Arctic Cooling MX-4: The Next Generation
Arctic cooling does, as the name suggests, cooling products. Be it CPUs, GPUs or computer cases they have all the bases covered.
Arctic cooling also does thermal compounds –the “MX” series. The latest iteration is called the MX-4, which is their 4th generation thermal paste.
The most striking fact about MX-4 is its 8 years durability. While I doubt any reader will actually keep the same setup unchanged for 8 years, it is good to know that the compound has a really, really long life. The rest of the features are industry standard.
Notice how I don’t mention the spreadability of the compound. MX-3 was a very hard compound and a pain to spread. As MX-4 is less viscous, it is easier to spread. However our way of applying thermal paste (see below under “testing”) neutralizes this aspect of thermal compounds and thus is not considered as a positive or negative factor.
The thermal compound comes in a standard hard plastic shell. The inset provides relevant technical information as well as the salient features of the compound.
The packing also warns the perils to aquatic organisms if MX-4 was to find its way there. Don’t flush this down the toilet folks!
For more info about our testing methods please read this article
Our thermal compound application method is as follows: A smaller than a pea sized gob of thermal compound is applied to the center of the processor heat spreader.
The weight of the cooler then helps the thermal compound to spread. This method has several advantages. If the compound is very thick, it is difficult to spread the compound manually. A manually spread compound might appear uniform, but microscopically it hardly ever is. By using the base of the heat sink the compound moulds itself to the gap between it (the heat sink base) and the processor heat spreader. It also reduces the chance of trapping air between the two metallic surfaces.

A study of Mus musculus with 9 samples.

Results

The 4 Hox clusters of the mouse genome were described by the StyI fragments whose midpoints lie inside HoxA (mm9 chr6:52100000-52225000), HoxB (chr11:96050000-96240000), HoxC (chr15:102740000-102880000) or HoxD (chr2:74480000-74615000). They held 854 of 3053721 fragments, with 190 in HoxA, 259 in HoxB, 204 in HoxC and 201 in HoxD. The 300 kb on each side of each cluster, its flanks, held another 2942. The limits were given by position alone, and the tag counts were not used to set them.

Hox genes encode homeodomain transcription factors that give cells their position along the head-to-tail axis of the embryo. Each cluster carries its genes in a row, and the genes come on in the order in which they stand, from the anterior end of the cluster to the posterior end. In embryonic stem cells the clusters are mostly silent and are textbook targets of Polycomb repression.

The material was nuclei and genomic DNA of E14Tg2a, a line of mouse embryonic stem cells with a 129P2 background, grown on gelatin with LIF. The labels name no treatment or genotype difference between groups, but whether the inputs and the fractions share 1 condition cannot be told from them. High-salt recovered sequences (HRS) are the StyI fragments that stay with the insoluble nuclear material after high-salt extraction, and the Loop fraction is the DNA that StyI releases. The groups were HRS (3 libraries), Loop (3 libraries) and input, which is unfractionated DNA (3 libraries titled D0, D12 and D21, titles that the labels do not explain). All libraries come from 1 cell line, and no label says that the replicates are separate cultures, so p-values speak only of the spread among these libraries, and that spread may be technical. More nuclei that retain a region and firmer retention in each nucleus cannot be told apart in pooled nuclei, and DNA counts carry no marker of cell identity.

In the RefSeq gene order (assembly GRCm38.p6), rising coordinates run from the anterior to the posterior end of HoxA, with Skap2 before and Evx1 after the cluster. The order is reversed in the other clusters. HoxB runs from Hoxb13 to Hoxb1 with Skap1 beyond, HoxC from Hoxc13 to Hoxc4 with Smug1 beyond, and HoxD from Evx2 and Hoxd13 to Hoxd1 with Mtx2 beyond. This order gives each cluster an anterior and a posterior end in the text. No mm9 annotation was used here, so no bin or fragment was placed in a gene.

Only two products (both from Arctic Silver) have recommended curing times (the time before the thermal compound is able to achieve maximal thermal conductance). For Ceramique the time recommended is 25 hours of use and for AS5 it is about 200 hours of use.
The test was run 5 times per thermal compound. The temperature of the hottest core during each run was averaged over the 5 runs. Each thermal paste was tested thrice, thus producing 15 discrete results for every thermal compound.
The results are presented relative to the best performer. The difference between this and the rest are shown graphically. The base line for the best performer is taken as “0” and all other results are relative to this.
There is a 2 Centigrade spread. The results are consistent with those obtained with a slightly different setup used in the initial thermal compound shoot out conducted by WCCF.
How did the MX-4 fare? It did very well for itself. It comes to with in .5C of the best performing thermal compound; the AS5.
Arctic Silver 5 (AS5) has many limitations. It has a long curing time of 200 hours and as it is capacitive it should be used near electrical traces as it might short these out in the long run.
The MX-4 has none of these draw backs and is cheaper to buy as well. I won’t dunk any points for its relatively high viscosity. The reason being it is possible to use thermal compound without bringing this property into play.
For anyone in the hunt for an all around long life thermal compound, look no further than the Arctic Cooling MX-4.